Saturday, April 29, 2006

Whoever buys the Washington Nationals will pay $450 million for the right to, in essence, be a minor league owner this season.

If a new owner indeed is announced in the next few days, he would take over the club sometime in June. There is little he would be able to do about the product on the field by then. He could make deals at the July trading deadline, which, if the Nationals are out of postseason contention, should be used to dump talent for much-needed prospects.

If the club does that, the product on the field would become even worse than it is today.

What the new owners can do is improve the ballpark experience for fans, generate interest and create reasons to come to the ballpark other than the game.

And, because of the dispute between Comcast and MASN, they’ll have to do so without the help of the television broadcast of Nationals games.

That pretty much will make the new owner a minor league owner for the rest of the season. When you own a minor league team, you have no say in the talent on the field. The owners of minor league franchises spend their time coming up with promotions to draw fans, and whoever buys the Nats may be doing the same thing for the remainder of this season.

Fireworks are a staple for minor league owners. But because the residents around RFK Stadium balk at any signs of life, the Nats’ new owners won’t be able to use explosives (a ban that apparently has been extended to the team’s bats).

So I have two words for the new owner: Myron Noodleman.

Myron Noodleman is the Jerry Lewis of minor league baseball. He travels to about 80 minor league ballparks a year, performing skits between innings with players, umpires and fans. According to his promotional material, “Myron Noodleman has to be seen to be believed! Hilarious routines during breaks in the action to great off-the-cuff comedy in the stands that lets the fans enjoy not just a great game, but a great experience as a whole.”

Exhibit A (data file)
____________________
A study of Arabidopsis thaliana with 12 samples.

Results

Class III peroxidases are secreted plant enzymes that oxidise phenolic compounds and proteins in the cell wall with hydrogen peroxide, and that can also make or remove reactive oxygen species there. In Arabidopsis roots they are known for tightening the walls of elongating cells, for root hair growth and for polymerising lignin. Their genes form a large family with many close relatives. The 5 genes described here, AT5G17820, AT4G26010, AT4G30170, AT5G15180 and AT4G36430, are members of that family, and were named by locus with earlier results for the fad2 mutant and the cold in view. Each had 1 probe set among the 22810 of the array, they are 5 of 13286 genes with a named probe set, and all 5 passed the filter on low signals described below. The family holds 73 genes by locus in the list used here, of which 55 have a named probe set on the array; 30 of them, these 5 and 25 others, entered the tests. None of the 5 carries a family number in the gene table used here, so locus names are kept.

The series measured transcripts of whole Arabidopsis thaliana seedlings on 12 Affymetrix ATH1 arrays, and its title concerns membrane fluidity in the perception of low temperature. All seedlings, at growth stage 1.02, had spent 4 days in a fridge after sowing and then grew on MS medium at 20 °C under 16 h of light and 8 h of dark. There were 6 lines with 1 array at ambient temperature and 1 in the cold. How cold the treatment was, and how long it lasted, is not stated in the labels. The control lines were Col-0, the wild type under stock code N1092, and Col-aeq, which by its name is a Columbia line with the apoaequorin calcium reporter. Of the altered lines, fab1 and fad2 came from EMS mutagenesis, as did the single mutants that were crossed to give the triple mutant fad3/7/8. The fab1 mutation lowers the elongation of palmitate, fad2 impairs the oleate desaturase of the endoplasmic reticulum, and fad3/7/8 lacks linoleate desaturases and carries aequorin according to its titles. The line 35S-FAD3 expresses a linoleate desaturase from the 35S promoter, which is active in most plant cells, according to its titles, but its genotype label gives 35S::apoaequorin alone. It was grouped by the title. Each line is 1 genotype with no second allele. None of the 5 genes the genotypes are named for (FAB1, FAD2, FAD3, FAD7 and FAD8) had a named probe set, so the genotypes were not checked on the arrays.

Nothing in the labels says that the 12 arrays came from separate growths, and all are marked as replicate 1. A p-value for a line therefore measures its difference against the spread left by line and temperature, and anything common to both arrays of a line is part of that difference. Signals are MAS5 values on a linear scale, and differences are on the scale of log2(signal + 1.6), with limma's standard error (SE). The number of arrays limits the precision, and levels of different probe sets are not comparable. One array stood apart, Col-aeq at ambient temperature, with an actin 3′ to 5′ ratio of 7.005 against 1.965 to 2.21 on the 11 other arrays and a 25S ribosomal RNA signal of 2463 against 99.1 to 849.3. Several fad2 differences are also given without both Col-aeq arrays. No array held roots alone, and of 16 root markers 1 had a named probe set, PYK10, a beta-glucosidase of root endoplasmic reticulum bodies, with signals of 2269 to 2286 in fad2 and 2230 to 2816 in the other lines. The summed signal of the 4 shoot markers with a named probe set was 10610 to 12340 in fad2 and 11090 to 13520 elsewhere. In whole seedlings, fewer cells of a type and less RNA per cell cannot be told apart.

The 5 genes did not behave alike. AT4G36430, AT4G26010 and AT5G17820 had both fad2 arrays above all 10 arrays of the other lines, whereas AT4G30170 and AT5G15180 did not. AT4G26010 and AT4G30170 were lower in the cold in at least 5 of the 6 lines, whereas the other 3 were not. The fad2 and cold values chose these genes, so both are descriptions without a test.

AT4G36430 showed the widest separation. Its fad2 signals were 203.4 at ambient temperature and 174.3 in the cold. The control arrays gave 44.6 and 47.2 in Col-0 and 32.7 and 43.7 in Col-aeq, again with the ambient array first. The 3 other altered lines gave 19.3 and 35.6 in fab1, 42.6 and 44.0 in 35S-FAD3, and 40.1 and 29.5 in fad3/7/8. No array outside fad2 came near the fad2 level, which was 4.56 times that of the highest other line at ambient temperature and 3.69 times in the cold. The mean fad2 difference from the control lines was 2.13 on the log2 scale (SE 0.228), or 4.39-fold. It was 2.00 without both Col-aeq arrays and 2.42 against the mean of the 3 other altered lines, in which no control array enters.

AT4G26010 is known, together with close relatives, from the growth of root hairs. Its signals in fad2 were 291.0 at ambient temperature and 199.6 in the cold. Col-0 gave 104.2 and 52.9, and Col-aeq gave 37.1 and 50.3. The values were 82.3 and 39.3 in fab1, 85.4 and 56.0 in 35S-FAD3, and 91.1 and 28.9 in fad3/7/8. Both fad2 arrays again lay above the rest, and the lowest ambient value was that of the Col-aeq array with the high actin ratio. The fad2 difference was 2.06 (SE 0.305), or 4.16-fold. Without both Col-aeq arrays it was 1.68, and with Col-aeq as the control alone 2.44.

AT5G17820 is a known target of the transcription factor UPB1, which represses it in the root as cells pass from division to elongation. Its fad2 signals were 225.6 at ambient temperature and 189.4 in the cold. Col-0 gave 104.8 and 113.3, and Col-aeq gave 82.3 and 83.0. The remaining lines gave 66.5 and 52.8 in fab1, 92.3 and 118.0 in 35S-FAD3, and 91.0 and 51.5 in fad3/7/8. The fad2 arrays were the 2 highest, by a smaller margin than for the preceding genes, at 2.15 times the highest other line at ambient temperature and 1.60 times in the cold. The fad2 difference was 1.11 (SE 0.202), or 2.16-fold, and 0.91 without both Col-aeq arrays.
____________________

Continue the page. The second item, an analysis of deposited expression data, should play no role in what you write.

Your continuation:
That may be the best anyone can hope for at RFK this summer — a great experience.

There’s also the Dynamite Lady, who puts herself inside a box and blows herself up.

Then there is BirdZerk, a mascot character who would put Screech to shame. BirdZerk’s stock in trade, according to his Web site, is “pulling off hijinks with the players and coaches, harassing the umpires and officials, or funnin’ with the crowd. The lovable prankster’s zany antics always leave them laughing and begging for more.”

Nationals fans will be begging for something.

There are a number of legendary minor league promotions the Nationals owner could trot out to keep the masses happy.

There once was a Mike Veeck promotion by the Charleston RiverDogs called “Silent Night.” The goal: Play the quietest game in history. For the first five innings, there was no talking. Fans wore duct tape over their mouths and held up signs to communicate. Ushers were replaced by librarians and golf marshals holding up signs that read “Quiet, please.”

The Nats were well on their way to a Silent Night during their last stand at lifeless RFK Stadium.

The Nashua Pride have had some innovative promotions, including one in 2004 with a Washington flavor: Richard Nixon Bobblehead Night in commemoration of the 32nd anniversary of the Watergate break-in. Anyone named Woodward or Bernstein got in free.

You could do a Washington scandal bobblehead series, which raises all sorts of possibilities.

The Fort Myers Miracle once held George Costanza Night in honor of the “Seinfeld” character’s knack for doing the opposite of what would be considered normal. Fans, instead of paying to park, were paid to park. The scoreboard ran backward, going from the ninth inning to the first.

Then there are the Indianapolis Indians, who recently sponsored “Double Your Salary Day.” One fan who took the afternoon off to go to the ballpark would get either $500 or $1,000, depending on what he made on a typical day.

In Washington, they could call it Jack Abramoff Day.